Part 2 of E5’s divorce series covers one spouse retaining the marital home. This Divorce Mortgage Guidance series focuses on navigating the credit, income, and home financing process during divorce. There are many living scenarios after divorce. Both partners may opt to sell the marital home and go find new homes to buy or rent. The marital home could be retained as a rental. This article covers one spouse choosing to stay in and refinance the marital house while buying out the exiting spouse’s equity.
Refinancing the existing marital house
Regardless of which spouse is refinancing, they need to qualify for the loan on their own. If there was a joint mortgage, the refinance must be completed to release the exiting spouse from financial responsibility. Until the refinance is funded, the mortgage will still show as a liability on the non-resident spouse’s credit and potentially impact their creditworthiness.
In addition to the refinance, the title of the house also needs to be transferred to the retaining spouse’s name. Even if only one spouse was on the mortgage but both are on title, a quitclaim deed can be used to remove the exiting spouse. Having the title reflect the refinance is very important. If not executed, the exiting spouse could still benefit from the equity or future sale.
What if the spouse retaining the home needs to “buy out” their ex-partner?
This is common and can be done with a “cash-out” refinance. Borrowing against some of the equity in the house can provide funds to pay the exiting spouse their share. Keep in mind most cash-out refinance loan options have a maximum loan-to-value limit of 80%. If a house is worth $500,000, the loan amount needs to be $400,000 or less. If more funds are needed, a Home Equity Line of Credit (HELOC) might be an option after the primary refinance is complete.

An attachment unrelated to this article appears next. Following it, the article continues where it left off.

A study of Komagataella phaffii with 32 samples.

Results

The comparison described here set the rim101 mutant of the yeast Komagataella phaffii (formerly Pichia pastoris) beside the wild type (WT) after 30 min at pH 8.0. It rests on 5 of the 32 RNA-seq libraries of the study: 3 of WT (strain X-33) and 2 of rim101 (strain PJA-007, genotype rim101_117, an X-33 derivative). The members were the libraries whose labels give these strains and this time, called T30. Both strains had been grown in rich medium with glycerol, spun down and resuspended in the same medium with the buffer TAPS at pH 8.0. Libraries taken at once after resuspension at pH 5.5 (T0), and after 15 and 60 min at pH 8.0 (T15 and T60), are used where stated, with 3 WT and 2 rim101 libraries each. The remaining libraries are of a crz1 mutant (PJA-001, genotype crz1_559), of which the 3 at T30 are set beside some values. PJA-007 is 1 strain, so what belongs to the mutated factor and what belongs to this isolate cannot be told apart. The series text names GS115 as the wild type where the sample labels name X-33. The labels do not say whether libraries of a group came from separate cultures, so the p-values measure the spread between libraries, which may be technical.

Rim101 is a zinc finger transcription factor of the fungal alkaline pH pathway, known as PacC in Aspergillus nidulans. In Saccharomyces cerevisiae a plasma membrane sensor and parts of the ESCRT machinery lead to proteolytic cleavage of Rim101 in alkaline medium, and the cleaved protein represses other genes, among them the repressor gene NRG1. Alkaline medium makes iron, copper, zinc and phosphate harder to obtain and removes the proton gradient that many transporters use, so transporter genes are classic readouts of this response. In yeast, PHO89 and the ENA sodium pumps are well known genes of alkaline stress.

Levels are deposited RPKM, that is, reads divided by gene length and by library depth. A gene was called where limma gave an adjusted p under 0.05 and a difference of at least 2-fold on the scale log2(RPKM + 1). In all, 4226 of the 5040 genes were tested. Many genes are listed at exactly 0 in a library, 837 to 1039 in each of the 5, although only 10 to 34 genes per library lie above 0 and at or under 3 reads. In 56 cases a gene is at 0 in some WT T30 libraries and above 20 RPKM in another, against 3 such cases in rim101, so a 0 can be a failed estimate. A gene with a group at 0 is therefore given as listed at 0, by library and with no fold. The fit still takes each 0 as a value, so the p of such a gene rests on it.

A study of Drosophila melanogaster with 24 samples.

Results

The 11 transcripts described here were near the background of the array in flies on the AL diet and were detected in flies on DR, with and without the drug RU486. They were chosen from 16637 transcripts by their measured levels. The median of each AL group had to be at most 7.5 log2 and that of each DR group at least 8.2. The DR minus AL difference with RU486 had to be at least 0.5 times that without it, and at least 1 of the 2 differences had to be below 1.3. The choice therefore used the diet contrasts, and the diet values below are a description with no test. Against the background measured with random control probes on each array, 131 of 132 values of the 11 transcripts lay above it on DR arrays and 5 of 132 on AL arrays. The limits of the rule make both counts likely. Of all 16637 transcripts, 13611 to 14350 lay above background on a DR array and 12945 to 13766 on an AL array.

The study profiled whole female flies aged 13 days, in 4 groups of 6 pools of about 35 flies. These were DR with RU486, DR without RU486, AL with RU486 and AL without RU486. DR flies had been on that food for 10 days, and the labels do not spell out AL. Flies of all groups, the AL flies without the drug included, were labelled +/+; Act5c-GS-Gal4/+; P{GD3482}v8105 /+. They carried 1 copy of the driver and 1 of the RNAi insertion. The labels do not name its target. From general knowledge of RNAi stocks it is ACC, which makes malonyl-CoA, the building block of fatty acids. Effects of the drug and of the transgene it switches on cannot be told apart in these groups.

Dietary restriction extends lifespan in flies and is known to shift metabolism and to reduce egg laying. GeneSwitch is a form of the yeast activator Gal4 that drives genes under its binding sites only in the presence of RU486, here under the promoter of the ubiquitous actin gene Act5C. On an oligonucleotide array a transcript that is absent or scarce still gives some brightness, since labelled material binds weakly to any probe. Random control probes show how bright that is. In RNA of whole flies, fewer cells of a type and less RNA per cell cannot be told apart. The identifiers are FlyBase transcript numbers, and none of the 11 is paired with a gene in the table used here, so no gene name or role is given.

Determining the Equity
Most loans require an appraisal. An independent third party will determine the appraised value as part of the loan process. If the couple is not in agreement, then they can both have an appraisal done and take the average. That value, minus any mortgage and HELOC debt, is the equity. NOTE: For this calculation, an accurate payoff statement needs to be used, NOT the mortgage balance from the most recent mortgage statement. The cost of refinancing tends to be less than the cost of selling. Consider factoring these savings, like title and realtor fees, into the equity calculation as well.
Prepare yourself leading up to a separation or divorce, and consult a licensed loan officer in addition to any legal advice. E5 Home Loans has loan officers trained in Divorce Mortgage Guidance. Plus, E5 shops the best loan products across many lenders and we don’t charge a bunch of crazy fees. Contact us today.
E5 Home Loans Divorce Mortgage Guidance Series
Part 1 – Divorce – Where Will You Live?